CLEVELAND, OH– Donald Trump is nearing the most important moment of his life.
Trump will formally accept the Republican presidential nomination Thursday with a speech that will blame Hillary Clinton for “bad instincts and bad judgment.”
“America is far less safe — and the world is far less stable — than when Obama made the decision to put Hillary Clinton in charge of America’s foreign policy,” he will say, according to excerpts of the speech released by the campaign.
Trump, whose unpredictable campaign has broken every rule of politics, will portray America as a broken nation that only he can fix.
“I have a message for all of you: the crime and violence that today afflicts our nation will soon come to an end,” he will say. “Beginning on January 20th, 2017, safety will be restored.”
Trump’s campaign chairman, Paul Manafort, was asked by CNN’s Jake Tapper why Trump was playing up fears of rising crime even though FBI statistics show crime is in decline.
“People don’t feel safe in their neighborhoods. I’m not sure what statistics you’re talking about,” Manafort said, and then took a swipe at the Bureau over its decision not to seek charges against Clinton over her email server.
“The FBI is certainly suspect these days after what they just did with Hillary Clinton,” he said.
Rallying delegates from the stage, Republican National Committee Chairman Reince Priebus also hit out at Clinton.
“She lied, over and over and over, she lied,” Priebus said, accusing the former first lady of “perfecting the art of politics for personal gain.”
“For Hillary Clinton, the Oval Office is just another cash cow,” he said.
The symbolic rite of passage that Trump’s appearance at the GOP convention represents will immediately confer a new level of stature and responsibility on Trump. The speech, expected to be delivered just after 10 p.m. ET, will give him a chance to soothe party divisions sensationally re-opened by his primary rival Ted Cruz’s refusal Wednesday to endorse Trump.
But more significantly, Trump must also make a case directly to millions of Americans watching at home. The speech marks his best chance yet to project himself as a potential commander-in-chief — a higher bar than he has so far had to clear.
His remarks will also be closely watched abroad, where there is significant concern about the prospect of a Trump presidency, exacerbated by a New York Times interview Wednesday in which he cast doubt on NATO security guarantees.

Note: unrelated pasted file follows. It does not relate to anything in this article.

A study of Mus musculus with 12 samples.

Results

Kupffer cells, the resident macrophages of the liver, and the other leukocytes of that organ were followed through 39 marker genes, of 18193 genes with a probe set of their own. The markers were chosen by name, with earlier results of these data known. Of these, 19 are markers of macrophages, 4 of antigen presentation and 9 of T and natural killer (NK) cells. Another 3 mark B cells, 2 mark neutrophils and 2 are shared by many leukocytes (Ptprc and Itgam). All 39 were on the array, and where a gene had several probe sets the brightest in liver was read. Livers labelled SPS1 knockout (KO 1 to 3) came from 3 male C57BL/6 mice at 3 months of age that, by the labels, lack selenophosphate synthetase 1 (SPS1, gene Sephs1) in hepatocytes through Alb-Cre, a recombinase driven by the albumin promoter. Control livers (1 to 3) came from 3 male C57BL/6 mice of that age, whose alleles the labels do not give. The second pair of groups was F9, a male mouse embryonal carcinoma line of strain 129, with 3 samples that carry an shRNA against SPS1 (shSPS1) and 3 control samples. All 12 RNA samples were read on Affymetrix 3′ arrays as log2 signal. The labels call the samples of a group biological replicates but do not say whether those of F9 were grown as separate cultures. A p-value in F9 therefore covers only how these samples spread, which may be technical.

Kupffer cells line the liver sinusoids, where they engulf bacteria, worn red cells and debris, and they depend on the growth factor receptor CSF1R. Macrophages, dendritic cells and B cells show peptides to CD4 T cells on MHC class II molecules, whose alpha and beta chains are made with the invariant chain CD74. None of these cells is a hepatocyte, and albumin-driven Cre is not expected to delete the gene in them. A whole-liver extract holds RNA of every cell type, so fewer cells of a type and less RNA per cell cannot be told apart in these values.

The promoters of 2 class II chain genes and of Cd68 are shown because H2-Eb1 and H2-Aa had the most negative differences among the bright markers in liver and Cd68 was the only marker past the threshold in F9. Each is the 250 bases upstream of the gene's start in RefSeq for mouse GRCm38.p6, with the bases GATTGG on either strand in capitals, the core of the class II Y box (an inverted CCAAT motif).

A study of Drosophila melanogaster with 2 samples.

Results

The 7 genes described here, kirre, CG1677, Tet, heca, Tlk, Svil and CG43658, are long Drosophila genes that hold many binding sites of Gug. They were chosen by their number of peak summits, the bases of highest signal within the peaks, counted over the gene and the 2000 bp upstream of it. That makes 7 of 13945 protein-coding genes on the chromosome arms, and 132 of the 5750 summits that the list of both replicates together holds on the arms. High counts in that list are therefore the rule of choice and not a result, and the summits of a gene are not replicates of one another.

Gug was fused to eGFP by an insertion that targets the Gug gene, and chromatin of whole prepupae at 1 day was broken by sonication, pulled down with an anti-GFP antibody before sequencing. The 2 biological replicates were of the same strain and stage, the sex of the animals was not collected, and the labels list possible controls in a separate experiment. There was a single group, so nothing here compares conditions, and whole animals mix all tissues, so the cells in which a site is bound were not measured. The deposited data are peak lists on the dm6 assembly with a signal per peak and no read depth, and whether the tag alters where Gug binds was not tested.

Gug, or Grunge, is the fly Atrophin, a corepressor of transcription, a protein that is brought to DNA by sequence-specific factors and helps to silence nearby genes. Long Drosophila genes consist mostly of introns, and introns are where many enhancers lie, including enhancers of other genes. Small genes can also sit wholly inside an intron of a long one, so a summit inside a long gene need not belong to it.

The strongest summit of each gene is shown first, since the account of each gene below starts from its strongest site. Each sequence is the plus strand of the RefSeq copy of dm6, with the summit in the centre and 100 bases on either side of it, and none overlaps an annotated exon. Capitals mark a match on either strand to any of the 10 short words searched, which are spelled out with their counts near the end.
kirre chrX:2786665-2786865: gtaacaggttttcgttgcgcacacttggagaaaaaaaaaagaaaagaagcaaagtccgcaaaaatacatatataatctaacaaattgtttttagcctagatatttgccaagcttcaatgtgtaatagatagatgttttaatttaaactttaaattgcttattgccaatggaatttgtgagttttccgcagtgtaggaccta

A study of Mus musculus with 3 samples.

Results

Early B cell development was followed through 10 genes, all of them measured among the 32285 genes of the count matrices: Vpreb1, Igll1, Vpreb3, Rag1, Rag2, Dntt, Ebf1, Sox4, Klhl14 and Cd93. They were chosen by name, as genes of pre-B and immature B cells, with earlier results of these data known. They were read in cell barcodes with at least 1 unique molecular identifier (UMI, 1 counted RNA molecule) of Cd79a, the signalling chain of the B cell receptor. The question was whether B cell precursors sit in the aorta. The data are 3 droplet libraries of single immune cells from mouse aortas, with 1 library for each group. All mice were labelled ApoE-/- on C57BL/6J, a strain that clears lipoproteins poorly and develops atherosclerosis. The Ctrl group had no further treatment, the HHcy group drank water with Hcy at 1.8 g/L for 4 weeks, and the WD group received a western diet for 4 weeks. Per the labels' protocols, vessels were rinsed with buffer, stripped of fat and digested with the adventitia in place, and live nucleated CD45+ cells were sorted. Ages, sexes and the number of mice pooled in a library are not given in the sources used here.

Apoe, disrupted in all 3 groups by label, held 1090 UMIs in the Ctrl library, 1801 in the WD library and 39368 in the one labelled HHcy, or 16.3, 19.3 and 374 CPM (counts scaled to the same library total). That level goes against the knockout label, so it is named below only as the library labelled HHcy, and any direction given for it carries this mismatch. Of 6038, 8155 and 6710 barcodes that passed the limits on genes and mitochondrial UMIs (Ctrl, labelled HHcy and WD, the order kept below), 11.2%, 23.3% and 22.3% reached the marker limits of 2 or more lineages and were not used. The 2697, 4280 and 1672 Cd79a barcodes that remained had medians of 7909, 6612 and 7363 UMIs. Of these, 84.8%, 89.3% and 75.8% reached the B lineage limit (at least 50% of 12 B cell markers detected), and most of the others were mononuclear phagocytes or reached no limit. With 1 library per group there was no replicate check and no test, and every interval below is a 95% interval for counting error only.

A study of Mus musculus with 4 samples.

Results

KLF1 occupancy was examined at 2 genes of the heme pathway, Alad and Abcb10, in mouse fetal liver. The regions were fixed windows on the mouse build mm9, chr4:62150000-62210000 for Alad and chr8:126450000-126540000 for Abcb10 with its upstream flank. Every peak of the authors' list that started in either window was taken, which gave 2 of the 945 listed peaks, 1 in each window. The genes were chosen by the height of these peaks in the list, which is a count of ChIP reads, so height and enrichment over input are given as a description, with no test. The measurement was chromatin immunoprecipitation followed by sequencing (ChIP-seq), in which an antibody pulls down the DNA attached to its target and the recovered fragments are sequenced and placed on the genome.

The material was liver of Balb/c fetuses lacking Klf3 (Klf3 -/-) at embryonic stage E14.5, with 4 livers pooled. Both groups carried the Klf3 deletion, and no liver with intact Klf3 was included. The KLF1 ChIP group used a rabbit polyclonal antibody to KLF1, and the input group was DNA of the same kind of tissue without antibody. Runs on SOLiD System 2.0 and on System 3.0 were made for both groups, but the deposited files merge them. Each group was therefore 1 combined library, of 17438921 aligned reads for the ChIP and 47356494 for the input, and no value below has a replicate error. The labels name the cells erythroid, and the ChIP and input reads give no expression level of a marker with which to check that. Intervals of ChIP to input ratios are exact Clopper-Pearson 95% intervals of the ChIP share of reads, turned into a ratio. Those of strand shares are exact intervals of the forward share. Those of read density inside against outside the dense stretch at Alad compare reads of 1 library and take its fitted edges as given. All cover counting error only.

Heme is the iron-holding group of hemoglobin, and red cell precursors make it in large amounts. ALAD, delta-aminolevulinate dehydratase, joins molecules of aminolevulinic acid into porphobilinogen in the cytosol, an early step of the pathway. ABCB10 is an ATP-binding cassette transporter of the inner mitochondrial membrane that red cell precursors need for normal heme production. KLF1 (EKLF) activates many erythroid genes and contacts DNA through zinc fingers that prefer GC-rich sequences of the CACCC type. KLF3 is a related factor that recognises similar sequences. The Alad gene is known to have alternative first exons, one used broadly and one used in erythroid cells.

The speech also gives Trump a chance to set the narrative as he heads out of a convention which has often been chaotic, and could end with unanswered questions about party unity and his own capacity to broaden his appeal.
Many of the early speakers sought to give Trump a leg up. Jerry Falwell Jr., described him as a “blue collar billionaire.”
Tech entrepreneur Peter Thiel, meanwhile, made history by becoming the first platform speaker ever to tell the Republican National Convention that he was proud to be gay.
“Of course, every American has a unique identity,” Thiel said. “I am proud to be gay, I am proud to be a Republican, but most of all I am proud to be an American.”
The billionaire will be introduced by his daughter, Ivanka, whose own speech is anticipated to be a high point of the night and will underscore the dominant role played by his children in reshaping their brash father’s image all week in Cleveland.
Trump’s son, Eric, told CNN’s Sara Murray that Ivanka will provide a different perspective than he and his brother, Donald Jr., brought earlier in the week and will highlight a doting father-daughter relationship.
“She does the princess thing very well and she’s immensely close with my father,” he said.
The GOP nominee’s family, including son-in-law Jared Kushner, had a heavy hand in drafting the speech, and Trump held his first run-through on Sunday.
Sources told CNN that Trump will use a teleprompter, though it is possible the famously unscripted Trump could veer off into characteristic digressions that have been so important to framing his political image.
Sources also said that Trump will not pivot away from the controversial themes that worry the GOP establishment but have powered his grass-roots insurgency.
But Trump is expected to make those points in a more linear and organized way than the staccato stream-of-consciousness he uses on the campaign trail.
He is expected to renew his vow to build a wall on the southern border, to crack down on illegal immigration and to renegotiate or throw out trade deals with foreign nations like China that he says have fleeced U.S. workers. And Trump is likely to launch a new assault on Clinton, who he brands “Crooked Hillary” and who is reviled by Republicans at the convention. They have repeatedly chanted “Lock Her Up! Lock Her Up!” during speeches throughout the week.